Lac Seul First Nation Chief, NAN Deputy Grand Chief respond to Papal apology
Tim Brody - Editor
WARNING: This story contains details some readers may find distressing.
Lac Seul First Nation and Nishnawbe Aski Nation are sharing their thoughts on an apology by Pope Francis to First Nations, Inuit and Metis delegates on April 1 at the Vatican, for the Catholic Church’s role in Canada’s residential school system.
The Municipality of Sioux Lookout is situated upon the traditional lands of Lac Seul First Nation.
Lac Seul First Nation is the lead for Bikiiwewinig Nindawaashishiiminaanak (Bringing Our Children Home Initiative), on behalf of 33 First Nations, Survivors, and partners, the Sioux Lookout First Nations Health Authority, and the Northern Nishnawbe Education Council. The Initiative is headquartered in Lac Seul and a suboffice in Thunder Bay. The Initiative will be searching for missing children that were at Pelican Lake Residential School. The school was operated by the Anglican Church.
The Pope told delegates, “I also feel shame - sorrow and shame - for the role that a number of Catholics, particularly those with educational responsibilities, have had in all these things that wounded you, in the abuses you suffered and in the lack of respect shown for your identity, your culture and even your spiritual values. All these things are contrary to the Gospel of Jesus Christ. For the deplorable conduct of those members of the Catholic Church, I ask for God’s forgiveness and I want to say to you with all my heart: I am very sorry.”
Chief Bull was pleased to hear the Pope apologize, stating, “It is a historic statement; the apology was long-awaited by the Survivors that attended Catholic church residential schools.”
He went on to state, “The Catholic apology must now begin reparation and work together with survivors, families and communities.”
Bull also commented, “Not all survivors attended Catholic residential schools. Survivors also attended residential schools run by other denominations. The apology, therefore, will not be as meaningful. What affects all Indigenous peoples in Canada is the Doctrine of Discovery of 1493. The Doctrine of Discovery laid claim over lands and resources and the superiority of Indigenous people. To this day, the document continues to influence government policy, impacting First Nations’ lives. True reconciliation will not be fully realized until the document is rescinded.”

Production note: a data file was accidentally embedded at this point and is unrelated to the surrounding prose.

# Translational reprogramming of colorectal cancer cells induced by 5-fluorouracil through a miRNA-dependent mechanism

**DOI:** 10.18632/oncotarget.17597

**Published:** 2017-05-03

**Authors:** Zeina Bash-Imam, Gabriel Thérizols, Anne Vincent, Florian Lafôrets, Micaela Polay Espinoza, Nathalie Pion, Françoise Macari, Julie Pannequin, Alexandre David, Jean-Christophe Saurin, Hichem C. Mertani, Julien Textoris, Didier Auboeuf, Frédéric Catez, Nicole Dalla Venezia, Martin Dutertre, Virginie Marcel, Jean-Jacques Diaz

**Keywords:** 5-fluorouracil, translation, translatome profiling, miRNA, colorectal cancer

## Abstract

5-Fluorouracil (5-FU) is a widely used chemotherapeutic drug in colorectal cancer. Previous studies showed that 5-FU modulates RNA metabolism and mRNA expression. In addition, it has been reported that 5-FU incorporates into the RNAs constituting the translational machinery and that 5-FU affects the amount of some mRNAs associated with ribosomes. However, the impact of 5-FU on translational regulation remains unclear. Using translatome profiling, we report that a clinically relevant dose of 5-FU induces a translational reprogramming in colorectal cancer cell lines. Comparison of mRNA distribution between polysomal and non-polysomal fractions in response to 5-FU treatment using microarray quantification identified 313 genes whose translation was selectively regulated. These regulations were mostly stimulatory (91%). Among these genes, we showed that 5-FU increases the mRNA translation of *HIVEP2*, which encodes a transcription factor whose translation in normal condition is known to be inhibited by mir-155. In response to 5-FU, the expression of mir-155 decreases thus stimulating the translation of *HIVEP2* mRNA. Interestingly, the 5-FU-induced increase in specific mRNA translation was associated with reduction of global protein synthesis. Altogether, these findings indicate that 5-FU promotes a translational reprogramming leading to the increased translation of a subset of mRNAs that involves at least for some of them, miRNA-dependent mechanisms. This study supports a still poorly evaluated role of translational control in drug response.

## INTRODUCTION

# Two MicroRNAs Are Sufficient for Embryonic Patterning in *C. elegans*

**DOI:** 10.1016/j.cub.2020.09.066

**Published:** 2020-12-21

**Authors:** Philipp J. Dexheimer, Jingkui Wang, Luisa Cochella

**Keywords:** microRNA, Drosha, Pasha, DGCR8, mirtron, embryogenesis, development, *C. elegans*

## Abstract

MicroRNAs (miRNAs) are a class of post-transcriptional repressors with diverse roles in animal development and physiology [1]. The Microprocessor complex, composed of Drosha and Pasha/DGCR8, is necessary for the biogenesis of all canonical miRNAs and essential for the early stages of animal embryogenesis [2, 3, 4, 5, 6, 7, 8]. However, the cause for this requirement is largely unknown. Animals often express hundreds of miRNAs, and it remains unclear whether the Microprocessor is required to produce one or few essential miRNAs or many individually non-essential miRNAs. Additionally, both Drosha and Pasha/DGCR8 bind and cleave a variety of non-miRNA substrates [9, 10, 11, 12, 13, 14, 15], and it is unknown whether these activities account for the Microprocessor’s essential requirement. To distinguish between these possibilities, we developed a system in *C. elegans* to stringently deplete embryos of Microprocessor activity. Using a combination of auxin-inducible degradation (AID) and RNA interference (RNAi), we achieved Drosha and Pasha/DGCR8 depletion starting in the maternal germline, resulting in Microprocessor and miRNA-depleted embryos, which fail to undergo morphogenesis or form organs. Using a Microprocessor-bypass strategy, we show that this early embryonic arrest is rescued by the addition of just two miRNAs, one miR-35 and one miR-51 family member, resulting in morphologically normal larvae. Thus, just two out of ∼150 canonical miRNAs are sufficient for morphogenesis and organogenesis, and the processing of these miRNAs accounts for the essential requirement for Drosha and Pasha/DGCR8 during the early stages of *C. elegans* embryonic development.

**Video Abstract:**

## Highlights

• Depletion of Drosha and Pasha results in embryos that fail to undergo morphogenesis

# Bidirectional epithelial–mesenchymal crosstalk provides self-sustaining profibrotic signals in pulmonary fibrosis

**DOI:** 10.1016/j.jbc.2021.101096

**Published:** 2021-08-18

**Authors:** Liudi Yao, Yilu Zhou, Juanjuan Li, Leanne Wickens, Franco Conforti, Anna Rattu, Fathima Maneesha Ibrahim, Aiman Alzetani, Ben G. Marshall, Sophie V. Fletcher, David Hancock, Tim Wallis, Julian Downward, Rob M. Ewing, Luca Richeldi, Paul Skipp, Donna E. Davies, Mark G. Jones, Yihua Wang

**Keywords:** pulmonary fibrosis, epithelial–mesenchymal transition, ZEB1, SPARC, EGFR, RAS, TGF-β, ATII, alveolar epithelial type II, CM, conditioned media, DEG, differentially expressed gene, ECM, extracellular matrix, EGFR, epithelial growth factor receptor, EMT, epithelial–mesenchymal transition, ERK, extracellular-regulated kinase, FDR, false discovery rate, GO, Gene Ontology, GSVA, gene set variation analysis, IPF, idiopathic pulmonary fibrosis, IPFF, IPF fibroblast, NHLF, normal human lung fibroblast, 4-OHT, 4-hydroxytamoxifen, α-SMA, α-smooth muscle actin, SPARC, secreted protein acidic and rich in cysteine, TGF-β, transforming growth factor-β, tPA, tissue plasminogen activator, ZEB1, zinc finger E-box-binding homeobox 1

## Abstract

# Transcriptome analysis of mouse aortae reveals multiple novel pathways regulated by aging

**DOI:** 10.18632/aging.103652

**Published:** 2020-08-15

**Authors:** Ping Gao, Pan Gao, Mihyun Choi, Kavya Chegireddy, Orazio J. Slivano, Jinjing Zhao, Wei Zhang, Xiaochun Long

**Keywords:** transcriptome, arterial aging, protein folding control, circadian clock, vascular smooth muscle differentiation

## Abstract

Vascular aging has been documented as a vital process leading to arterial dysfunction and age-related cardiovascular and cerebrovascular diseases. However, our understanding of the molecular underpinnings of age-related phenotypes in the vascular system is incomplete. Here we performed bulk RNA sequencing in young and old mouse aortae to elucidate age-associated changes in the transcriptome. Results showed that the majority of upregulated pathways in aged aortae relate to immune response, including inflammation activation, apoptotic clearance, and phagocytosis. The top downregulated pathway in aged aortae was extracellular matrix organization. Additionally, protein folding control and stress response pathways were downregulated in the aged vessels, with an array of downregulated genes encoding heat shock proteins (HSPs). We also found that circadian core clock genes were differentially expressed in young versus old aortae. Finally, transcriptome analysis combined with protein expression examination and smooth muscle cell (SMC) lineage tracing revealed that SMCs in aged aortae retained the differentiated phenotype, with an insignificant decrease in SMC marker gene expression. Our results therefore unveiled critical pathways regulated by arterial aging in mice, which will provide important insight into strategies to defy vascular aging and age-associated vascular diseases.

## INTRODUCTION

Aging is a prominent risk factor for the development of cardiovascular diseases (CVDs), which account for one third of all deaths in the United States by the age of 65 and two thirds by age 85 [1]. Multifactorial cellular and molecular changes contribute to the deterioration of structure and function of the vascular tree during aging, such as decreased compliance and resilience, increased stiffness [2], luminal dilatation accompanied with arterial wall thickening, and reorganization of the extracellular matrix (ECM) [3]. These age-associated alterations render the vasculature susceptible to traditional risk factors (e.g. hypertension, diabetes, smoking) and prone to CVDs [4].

Nishnawbe Aski Nation (NAN) Deputy Grand Chief Anna Betty Achneepineskum, on behalf of the NAN Executive Council, issued the following statement following the Pope’s apology for the abuses suffered at Indian Residential Schools to Indigenous delegates at the Vatican this past week:
“It has taken tremendous courage for Survivors who have travelled so far to share their experiences at Residential Schools with Pope Francis. Our hearts are with Survivors, their families, communities, and all the children who never made it home.
“For years we have called for an apology from His Holiness for the harm done to generations of Indigenous Peoples. I am encouraged that Pope Francis is finally confronting the suffering inflicted on our people through the Residential School system and accepted his responsibility to apologize on behalf of the Roman Catholic Church.
“We acknowledge and respect that not all Survivors may accept his apology. For those who do, we hope this helps them find peace as their healing journey continues.
“Many Survivors have waited for decades for these words, and we pray for those who did not live long enough to hear them. We encourage His Holiness to deliver these words in person to our Nations as a symbol of the Church’s commitment to reconciliation.
“We hope these words are followed by action, including a continuation of healing initiatives and activities for Survivors and their descendants. It is estimated that more than 10,000 youth went missing while attending Residential School institutions, and thousands of unmarked graves are now being recovered. The responsibility for this atrocity must be reflected in any process moving forward.”
NAN supported a motion by MP Romeo Saganash in 2018 for Canadian Catholic bishops to request an apology by the Pope. The motion called on the Canadian Conference of Catholic Bishops to:
- invite Pope Francis to Canada to apologize on behalf of the Catholic Church for its role in the Indian Residential
- fulfill the Church’s financial obligations to raise $25 million for Indigenous healing under the IRS Settlement
- make a consistent and sustained effort to provide relevant documents to Survivors.
An estimated 150,000 Indigenous children were taken from their families and sent to schools run by the Catholic, Protestant, and Presbyterian churches.
Resources to support those in distress due to the Indian Residential School system include the Indian Residential School Survivors Society at 1-800-721-0066, Indian Residential School (IRS) National Crisis Line at 1-866-925-4419, and Nishnawbe Aski Nation’s NAN HOPE program at 1-844-626-4673.